Biden-era unfunded and funded mandates alike are co-opting state and local priorities


The influx of hundreds of billions from the CARES Act, Infrastructure and Inflation laws, and the CHIPS and Science Act has created an unsustainable funded as opposed to unfunded mandate addiction for lower-level governments. Unless mitigating steps are taken, this dependency will lead to severe pain when the funding faucet eventually stops but the mandates remain, as I discuss at Forbes.

Historically, businesses and government have collaborated on protectionist regulations under the guise of public benefit. Today, however, there’s an unprecedented push enticing businesses and local governments to eagerly adopt progressive regulatory agendas fueled by substantial taxpayer funds and deficit spending for housing, education, infrastructure and the like.

Over a generation ago in the mid-1990s to early 2000s, state and local officials’ concerns about unfunded federal mandates overriding their priorities merged with small business protests against red tape. This coalition drove significant bipartisan regulatory reforms into prominence and enactment, including the Unfunded Mandates Reform Act (1995), Paperwork Reduction Act Amendments (1995), Small Business Regulatory Enforcement Fairness Act (1996), Congressional Review Act (1996, and a part of SBREFA), Regulatory Right-to-Know Act (1998), and the Truth in Regulating Act (2000). It’s noteworthy that Bill Clinton signed all these laws.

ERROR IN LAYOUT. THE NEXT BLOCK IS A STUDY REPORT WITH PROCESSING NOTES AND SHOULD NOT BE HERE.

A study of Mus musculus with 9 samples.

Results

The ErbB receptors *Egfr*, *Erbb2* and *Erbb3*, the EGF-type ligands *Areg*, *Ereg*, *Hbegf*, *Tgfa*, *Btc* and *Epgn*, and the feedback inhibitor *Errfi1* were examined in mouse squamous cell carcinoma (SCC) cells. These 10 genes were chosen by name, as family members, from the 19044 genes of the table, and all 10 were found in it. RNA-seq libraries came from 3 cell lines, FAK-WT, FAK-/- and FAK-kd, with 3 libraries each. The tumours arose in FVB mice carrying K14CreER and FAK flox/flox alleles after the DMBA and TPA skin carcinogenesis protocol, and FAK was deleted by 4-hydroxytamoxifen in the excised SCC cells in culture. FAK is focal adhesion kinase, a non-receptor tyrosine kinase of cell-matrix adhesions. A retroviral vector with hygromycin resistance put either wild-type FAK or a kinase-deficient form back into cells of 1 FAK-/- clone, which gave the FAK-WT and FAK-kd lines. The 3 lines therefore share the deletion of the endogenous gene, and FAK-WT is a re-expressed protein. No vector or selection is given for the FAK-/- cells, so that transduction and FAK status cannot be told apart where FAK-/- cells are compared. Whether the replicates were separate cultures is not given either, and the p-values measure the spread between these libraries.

These reforms had loopholes and workarounds, highly evident today, yet they represented a unique era wherein small businesses and local governments, often unheard, bolstered each other effectively. Now, though, the federal government is smarter at inducing fealty and servitude with cash, thereby dampening effective mobilization against mandates. The Federal Register is on target to top 100,000 pages in 2024, but the Biden administration is unconcerned.

Under Biden, what might have been a healthy coalition against mounting red tape and in favor of free enterprise and federalism has transformed into a pursuit of federal dollars not despite but because of the strings attached. Fewer small businesses remain unsubsidized, and if any local governments remain independent of Washington, we’d love to hear from them.

While post-COVID regulations affecting states and localities should be spawning alarm and new alignments for streamlining, regulators are safe thanks to the ability to seduce with open-ended spending.

But that could change. The most recent Fall 2023 Unified Agenda snapshot of proposed, final, and recently completed rules (the Spring edition is overdue) depicts a trend of increasing numbers of rules affecting state and local governments. As seen in the chart just below, of the 3,599 rules flowing through the pipeline at the end of last year, 507 affect state governments, while 349 affect local governments. These counts are substantially higher than five and ten years ago, and well above Trump-era counts that included many “deregulatory” rules.

Today’s high levels of pandemic and post-pandemic spending cannot go on forever, and mandates that are welcome when funded become detested when unfunded—and perhaps even while funded as interventions escalate. Unrestrained regulation affecting small businesses, states, and localities must at some point manifest as intolerable federal encroachment and lead to fresh alignments to induce a reluctant Congress to step in again. Just as we saw reforms a generation ago, there is an equally abundant set of reforms already teed up, some bipartisan. As we’ve repeatedly argued in recent years, addressing this fusion of spending and regulation is crucial to preserving limited government.

For more: “Unfunded Mandates Will Become A Bigger Issue For State And Local Government,” Forbes, June 24, 2024.